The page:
Nano sense of snow

According to a Dec. 19, 2012 news item on Azonano there’s a nanotechnology-enabled sensor which can identify snow depth,

Snow is the be-all and end-all for alpine ski resorts. Now a tiny sensor has been developed to determine how much cold gold there is on the slopes and how much more should be produced. The sensor is based on Norwegian radar technology and is no larger than a match head.

The processor chip from Novelda is the result of high-level nanotechnology. The minuscule Norwegian-designed silicon chip has already become an international success. Customers around the world are creating applications based on the technology.

The US-based company Flat Earth has drawn on Novelda’s technology to develop the SDS-715 snow-depth sensor. [emphasis mine] It is capable of measuring snow depth from 15 cm to 2 m with a margin of error of 3.5 cm.

The sensor is mounted beneath the vehicle that prepares the tracks. Snow depth is measured at one-second intervals. A separate application can be used to display snow depths via Google Earth.

There are widespread applications for the nanoscale sensor. Eirik Næss-Ulseth, Chairman of the Board in Novelda, envisions integrating the chips into athletic garments to replace pulse sensors that are currently held in place with an elastic band.

“We have already proven that the chips can be used to measure pulse and breathing rates at a distance,” he explains.

Novelda was founded as a spin-off company from the University in Oslo. …

The Research Council of Norway provided the Dec. 17, 2012 news release, written by Siw Ellen Jakobsen/Else Lie and translated by Glenn Wells/Carol B. Eckmann, which originated the news item. Oddly, Novelda issued a June 5, 2011 news release about a similar, if not identical, product,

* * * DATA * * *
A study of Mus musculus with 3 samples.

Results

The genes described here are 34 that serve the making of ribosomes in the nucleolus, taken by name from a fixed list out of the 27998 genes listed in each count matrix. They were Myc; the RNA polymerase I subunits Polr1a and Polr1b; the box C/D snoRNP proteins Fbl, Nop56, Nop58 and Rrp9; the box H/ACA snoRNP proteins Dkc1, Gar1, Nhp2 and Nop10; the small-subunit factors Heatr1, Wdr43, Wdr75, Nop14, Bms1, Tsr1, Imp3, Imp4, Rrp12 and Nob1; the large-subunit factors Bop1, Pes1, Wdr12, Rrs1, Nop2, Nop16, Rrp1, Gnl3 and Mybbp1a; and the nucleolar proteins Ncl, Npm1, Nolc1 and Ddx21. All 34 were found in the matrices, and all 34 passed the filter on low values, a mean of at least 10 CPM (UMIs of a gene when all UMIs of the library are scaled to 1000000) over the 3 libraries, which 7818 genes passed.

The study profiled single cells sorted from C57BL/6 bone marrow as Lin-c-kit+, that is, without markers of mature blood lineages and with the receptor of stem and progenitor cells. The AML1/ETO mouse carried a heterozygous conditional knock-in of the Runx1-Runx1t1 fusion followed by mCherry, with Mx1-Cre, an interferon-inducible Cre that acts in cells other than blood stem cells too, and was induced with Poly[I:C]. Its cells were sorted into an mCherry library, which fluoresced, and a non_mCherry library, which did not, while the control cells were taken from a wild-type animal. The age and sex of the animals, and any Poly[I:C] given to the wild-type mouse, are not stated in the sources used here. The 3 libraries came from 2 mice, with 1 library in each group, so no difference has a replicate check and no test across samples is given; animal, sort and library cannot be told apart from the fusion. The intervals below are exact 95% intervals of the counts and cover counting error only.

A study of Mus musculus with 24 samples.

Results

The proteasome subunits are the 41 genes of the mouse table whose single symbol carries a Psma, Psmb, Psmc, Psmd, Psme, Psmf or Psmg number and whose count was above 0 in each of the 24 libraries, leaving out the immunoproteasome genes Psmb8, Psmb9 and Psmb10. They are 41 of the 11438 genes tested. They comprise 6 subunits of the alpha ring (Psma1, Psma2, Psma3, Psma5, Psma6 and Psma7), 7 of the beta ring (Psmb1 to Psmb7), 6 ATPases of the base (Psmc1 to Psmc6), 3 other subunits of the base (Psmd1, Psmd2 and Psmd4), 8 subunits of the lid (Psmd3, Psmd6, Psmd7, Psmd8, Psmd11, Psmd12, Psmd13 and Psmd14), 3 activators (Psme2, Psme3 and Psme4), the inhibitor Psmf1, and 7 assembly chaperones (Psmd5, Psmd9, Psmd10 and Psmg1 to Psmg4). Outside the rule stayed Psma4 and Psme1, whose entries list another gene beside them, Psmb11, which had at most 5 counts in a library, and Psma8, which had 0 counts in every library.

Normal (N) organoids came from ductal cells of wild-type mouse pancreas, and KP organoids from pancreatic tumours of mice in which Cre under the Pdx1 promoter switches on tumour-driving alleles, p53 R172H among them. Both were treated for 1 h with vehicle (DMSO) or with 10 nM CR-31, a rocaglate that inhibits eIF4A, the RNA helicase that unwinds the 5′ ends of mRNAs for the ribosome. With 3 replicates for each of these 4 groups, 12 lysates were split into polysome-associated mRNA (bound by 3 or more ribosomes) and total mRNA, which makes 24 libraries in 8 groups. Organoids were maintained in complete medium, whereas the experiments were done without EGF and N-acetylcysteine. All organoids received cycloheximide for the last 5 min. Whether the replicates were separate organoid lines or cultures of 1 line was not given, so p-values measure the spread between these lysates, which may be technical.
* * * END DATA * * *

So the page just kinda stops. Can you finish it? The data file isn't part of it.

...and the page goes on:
Flat Earth Incorporated announced today they have developed the first mobile snow depth sensor based on the Novelda AS NVA6000 CMOS impulse radar chip. The SDS-715 provides a non-contact approach for determining snow depth on the go. [emphasis mine] Measurement range is 0.15 to 2.0 meters with an accuracy of approximately 3.5 cm, snow condition dependent.

This rugged low cost snow depth measurement system is designed for snow grooming operations at Alpine and Nordic ski resorts. Snow depth beneath the snowcat is measured every second, approximately every 3 meters at 8 kmph. The SDS-715 is cheaper than current ground penetrating radar systems on the market today. When used with Flat Earth’s CatWorks Snowcat navigation and information system, depth maps of the resort trails can be created and viewed in Google Earth.

For those new to marketing and promotion, it never hurts to reissue or send more information about a previously announced product, especially when it can be tied in with a season. Still, this is a bit longer than usual between campaigns.

For anyone interested in Flat Earth; nanoscale radar products and consulting, the company’s website is under construction and due to be unveiled sometime December 2012 (or, later this month).